Government Research Shows Broker Misconduct Costing Investors Up to $17 Billion A Year
By David Meyer
The Chairman of the President's Council of Economic Advisers drafted a memorandum on January 13, 2015 that shared research findings regarding inappropriate stockbroker practice. According to the memo, some broker practices, such as boosting commissions through excessive trading, or churning, cost investors between $8 billion and $17 billion every year. The memo also notes that the researchers' estimates of up to $17 billion in investor losses are "quite conservative."
The memo makes the argument for a regulation imposing a fiduciary duty on brokers handling retirement accounts that would require them to always act in their clients' best interest. Unsurprisingly, the large brokerage firms on Wall Street, notably Morgan Stanley and Bank of America Corp., have spent years lobbying against the induction of this rule, citing additional costs to the proposed regulations.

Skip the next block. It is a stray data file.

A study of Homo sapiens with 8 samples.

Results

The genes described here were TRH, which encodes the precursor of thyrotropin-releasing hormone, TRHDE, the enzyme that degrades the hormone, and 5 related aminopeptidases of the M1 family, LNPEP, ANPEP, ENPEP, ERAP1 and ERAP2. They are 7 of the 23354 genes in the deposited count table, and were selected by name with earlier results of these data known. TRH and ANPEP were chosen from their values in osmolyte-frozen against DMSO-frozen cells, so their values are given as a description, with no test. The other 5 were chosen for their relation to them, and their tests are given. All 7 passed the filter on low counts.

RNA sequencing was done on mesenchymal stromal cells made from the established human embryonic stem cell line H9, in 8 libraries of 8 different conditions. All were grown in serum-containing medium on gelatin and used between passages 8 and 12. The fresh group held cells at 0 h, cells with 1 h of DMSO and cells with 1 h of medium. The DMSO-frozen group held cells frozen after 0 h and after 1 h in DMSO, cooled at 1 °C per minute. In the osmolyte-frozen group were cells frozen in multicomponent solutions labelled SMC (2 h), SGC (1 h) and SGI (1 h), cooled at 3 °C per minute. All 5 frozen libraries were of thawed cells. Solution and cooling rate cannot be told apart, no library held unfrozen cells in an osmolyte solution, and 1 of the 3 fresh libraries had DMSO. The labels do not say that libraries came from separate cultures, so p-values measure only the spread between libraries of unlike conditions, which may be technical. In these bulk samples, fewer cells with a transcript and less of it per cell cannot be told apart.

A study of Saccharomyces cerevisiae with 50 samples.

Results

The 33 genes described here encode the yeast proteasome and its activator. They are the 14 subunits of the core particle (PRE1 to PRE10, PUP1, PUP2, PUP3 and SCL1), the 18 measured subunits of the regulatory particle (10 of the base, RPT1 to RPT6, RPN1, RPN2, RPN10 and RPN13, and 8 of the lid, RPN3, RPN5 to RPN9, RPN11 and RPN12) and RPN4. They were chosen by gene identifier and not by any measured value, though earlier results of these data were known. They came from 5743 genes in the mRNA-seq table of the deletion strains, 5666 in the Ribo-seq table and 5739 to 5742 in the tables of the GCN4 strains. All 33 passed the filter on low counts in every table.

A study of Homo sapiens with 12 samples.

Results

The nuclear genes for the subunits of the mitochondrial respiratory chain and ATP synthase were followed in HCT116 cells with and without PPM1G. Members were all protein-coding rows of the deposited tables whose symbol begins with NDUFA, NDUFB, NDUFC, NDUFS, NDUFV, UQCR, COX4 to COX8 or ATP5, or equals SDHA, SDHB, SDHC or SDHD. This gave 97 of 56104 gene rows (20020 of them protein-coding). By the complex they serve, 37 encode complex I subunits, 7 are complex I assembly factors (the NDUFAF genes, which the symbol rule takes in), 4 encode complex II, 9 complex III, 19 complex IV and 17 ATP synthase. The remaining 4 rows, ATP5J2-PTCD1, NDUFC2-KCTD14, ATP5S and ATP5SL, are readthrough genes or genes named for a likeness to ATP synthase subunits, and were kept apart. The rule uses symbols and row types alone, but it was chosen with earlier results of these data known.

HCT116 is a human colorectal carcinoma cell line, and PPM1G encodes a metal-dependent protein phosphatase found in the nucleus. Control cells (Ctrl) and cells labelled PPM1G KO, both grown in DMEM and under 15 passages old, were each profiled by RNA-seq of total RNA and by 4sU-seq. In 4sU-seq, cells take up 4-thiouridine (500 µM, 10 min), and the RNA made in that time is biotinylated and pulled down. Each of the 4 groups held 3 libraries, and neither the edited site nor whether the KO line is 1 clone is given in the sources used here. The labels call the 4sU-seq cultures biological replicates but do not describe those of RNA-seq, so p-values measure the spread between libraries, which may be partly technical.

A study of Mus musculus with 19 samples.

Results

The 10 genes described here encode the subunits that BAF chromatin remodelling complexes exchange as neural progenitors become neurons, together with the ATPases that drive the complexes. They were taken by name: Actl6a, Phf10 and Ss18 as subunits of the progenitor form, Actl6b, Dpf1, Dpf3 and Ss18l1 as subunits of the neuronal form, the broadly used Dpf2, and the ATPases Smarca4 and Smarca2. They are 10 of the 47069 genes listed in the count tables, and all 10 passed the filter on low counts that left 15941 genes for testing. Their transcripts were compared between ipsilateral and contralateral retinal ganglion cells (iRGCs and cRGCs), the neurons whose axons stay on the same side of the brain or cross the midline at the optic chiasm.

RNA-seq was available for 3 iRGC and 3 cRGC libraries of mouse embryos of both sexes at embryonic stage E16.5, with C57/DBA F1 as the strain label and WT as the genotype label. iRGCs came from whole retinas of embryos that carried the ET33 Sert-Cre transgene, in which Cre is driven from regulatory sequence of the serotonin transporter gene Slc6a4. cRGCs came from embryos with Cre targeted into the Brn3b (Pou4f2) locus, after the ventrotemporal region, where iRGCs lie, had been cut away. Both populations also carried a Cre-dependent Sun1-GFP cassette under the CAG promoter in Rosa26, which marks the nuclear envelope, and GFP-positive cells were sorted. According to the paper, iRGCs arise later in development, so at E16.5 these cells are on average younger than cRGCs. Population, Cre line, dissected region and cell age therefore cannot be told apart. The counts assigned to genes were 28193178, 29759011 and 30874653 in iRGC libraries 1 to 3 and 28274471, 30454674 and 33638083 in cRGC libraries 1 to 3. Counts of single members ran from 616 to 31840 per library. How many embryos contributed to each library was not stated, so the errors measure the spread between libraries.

In contrast, according to the Labor Department, a fiduciary duty on brokers would provide meaningful protections to investors and an effective update to an outdated standard. Academic research has established that conflicts of interest affect financial advisors behavior and that advisors often act opportunistically to the detriment of their clients. Although the new rule would not ban sales commissions, the proposal would be a middle ground that requires brokers to guard against conflicts and avoid certain self-dealing transactions.